These days, many are cheering the end of an era in the South. As The New York Times reported, many (saw) the lowering of the Confederate flag from outside South Carolina’s State House as “closing a chapter on a symbol of the Deep South and its history of resistance and racial animus.”
Whatever your views on the flag itself — symbol of racism and oppression vs. historical symbol of Southern pride — few would argue that the end of racial animus is a worthy cause for celebration.
However — chillingly — others see the lowering of the flag and the elimination of other Confederate statues and even street names as closing a chapter on something most fundamental and dear to our great nation: states’ rights, as enumerated in the 10th Amendment of our Constitution. And, more chillingly, they may be onto something.
This might have slipped your notice at the time, but it’s worth a second look at one of the persons who was cheering on the lowering of the Confederate flag.
With a hat tip to Weasel Zippers, here’s what former Department of Homeland Security (DHS) advisor Mohamed Elibiary had to say about it:
You remember Elibiary, right? He was appointed by President Obama and retained a position with the Department of Homeland Security Council until he was sent packing after some unfortunate turns of events regarding things like the Muslim Brotherhood, tweeting that the return of Sharia law is inevitable, and getting caught borrowing classified materials and downloading them to his own computer.
And it’s also worth reminding everyone that in its Explanatory Memorandum, the Muslim Brotherhood clearly lays out its plan for “civilizational jihad” against America and the West. Truly, if you’ve never read this document, you should.
As Weasel Zippers continues:
Let no one mistake what is being said here, and what this controversy is about, as the former advisor spells out the point very simply. It’s not about the flag, but about federal control.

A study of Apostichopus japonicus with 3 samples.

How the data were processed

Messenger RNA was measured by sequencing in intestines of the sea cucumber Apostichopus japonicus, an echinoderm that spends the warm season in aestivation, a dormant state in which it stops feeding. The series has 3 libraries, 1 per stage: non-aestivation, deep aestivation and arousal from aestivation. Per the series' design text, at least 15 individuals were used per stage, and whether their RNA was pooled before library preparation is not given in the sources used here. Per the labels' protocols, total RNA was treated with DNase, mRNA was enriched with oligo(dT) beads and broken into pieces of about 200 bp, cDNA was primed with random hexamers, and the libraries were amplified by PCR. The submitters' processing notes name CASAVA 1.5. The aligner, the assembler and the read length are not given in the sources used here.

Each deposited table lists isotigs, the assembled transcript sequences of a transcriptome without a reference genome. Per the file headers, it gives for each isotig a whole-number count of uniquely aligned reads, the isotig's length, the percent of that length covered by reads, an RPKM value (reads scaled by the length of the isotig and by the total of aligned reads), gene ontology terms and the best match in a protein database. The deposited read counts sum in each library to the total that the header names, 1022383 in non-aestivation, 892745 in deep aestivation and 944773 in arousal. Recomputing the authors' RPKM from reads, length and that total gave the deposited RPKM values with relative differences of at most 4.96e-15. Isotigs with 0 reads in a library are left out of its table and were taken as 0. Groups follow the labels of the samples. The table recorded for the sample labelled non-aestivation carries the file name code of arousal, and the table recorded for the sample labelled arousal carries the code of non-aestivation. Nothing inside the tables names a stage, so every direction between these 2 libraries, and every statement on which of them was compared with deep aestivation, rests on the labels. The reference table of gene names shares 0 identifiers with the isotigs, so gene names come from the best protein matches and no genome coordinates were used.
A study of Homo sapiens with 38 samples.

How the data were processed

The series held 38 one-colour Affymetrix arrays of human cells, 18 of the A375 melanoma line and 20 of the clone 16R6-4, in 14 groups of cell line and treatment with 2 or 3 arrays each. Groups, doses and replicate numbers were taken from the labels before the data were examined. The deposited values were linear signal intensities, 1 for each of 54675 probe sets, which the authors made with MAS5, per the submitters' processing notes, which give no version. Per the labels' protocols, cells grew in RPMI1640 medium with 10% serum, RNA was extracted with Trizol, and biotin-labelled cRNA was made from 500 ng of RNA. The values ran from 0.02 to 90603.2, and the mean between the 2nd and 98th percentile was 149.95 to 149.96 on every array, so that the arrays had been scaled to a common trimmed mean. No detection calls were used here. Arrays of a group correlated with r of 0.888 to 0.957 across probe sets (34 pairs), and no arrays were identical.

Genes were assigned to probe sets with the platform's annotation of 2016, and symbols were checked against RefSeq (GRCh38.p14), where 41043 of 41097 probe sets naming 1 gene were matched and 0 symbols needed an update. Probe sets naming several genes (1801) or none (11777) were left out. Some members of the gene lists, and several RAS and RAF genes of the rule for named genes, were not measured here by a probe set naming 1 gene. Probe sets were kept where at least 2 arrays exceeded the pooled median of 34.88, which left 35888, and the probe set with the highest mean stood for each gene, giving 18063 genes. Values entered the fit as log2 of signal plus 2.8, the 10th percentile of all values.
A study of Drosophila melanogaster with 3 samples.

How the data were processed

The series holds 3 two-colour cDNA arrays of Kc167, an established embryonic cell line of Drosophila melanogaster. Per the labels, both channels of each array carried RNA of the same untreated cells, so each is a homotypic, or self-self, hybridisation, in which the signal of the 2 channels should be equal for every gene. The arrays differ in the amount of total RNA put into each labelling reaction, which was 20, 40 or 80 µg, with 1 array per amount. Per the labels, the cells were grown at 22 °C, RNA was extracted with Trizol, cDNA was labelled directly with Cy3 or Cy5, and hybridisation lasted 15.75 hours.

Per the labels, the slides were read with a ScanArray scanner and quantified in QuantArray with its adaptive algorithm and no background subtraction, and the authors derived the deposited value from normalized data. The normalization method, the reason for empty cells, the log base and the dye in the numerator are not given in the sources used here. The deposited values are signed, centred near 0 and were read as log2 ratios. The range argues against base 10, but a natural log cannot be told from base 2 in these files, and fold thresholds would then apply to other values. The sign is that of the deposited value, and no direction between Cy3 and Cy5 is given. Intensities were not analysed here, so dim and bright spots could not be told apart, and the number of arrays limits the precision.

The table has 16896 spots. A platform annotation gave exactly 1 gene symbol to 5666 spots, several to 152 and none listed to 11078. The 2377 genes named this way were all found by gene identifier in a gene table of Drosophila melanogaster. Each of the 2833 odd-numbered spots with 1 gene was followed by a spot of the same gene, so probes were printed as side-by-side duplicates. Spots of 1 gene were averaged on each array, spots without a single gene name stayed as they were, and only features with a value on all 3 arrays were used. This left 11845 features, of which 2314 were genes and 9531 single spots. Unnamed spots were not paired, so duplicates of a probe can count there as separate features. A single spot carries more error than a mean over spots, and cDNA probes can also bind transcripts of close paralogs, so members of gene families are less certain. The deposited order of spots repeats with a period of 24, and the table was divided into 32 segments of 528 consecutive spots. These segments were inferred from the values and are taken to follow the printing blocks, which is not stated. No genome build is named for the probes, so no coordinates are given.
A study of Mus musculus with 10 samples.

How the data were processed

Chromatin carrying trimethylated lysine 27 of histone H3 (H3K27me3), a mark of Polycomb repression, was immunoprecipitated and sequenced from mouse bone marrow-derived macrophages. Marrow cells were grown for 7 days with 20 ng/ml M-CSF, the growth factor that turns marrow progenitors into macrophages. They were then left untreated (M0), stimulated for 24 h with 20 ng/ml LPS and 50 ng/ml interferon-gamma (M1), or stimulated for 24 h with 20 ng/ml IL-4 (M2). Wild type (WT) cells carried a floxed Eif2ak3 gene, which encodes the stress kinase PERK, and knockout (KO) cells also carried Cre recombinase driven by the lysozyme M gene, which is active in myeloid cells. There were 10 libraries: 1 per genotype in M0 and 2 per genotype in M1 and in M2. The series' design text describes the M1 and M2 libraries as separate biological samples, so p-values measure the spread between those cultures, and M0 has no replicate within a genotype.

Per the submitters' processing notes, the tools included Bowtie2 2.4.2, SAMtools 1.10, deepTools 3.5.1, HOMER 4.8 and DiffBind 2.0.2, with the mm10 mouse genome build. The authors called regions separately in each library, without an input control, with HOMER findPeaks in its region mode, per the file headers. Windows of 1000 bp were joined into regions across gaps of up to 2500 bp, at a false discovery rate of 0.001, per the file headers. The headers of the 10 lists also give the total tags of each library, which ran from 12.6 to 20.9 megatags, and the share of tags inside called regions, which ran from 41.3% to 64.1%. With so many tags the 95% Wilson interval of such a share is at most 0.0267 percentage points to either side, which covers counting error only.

Anyone else sensing a trend these days, with the recent Supreme Court decision to force gay marriage on all 50 states and now this? (Never mind the small detail that it was, in this case, the state legislature that voted to remove the flag; Elibiary, nonetheless, points to a dangerous momentum sweeping our nation.)
Unfortunately, Mr. Elibiary (not to mention President Obama) seems to have skipped a lesson on the Constitution which accords to the federal government only those rights or powers specifically enumerated in the Constitution.
Also unfortunate is the fact that our general citizenry seems to have forgotten — or in some cases, never learned — about the importance of the 10th Amendment in preserving our freedoms from an overbearing federal government. Which is exactly what we’re seeing these days.
Indeed, that is one of the main points in the 10th Amendment, that all other powers remain with the states or the people. It is a specific and purposeful limitation of the powers of the federal government, that limitation being one of the main points of the Constitution.
The powers not delegated to the United States by the Constitution, nor prohibited by it to the States, are reserved to the States respectively, or to the people.
Basic Constitution. But hey, his former boss doesn’t pay attention to the Constitution, so why should he?
Ronald Reagan’s famous quote seems more prescient and urgent today than ever:
“Freedom is never more than one generation away from extinction. We didn’t pass it to our children in the bloodstream. It must be fought for, protected, and handed on for them to do the same, or one day we will spend our sunset years telling our children and our children’s children what it was once like in the United States where men were free.”
It’s time to cut through the smoke of politically correct outrage and see clearly that what’s going on here is an attack by the political left — and our government — on one of the most fundamental pillars of our freedom. It’s time we start seeing what’s emerging as a common thread in the issues du jour: the attack on states’ rights guaranteed by the 10th Amendment. It’s time states rights becomes a cause célèbre — before it’s too late and we are left to tell future generations what it was once like in the United States where men were free.”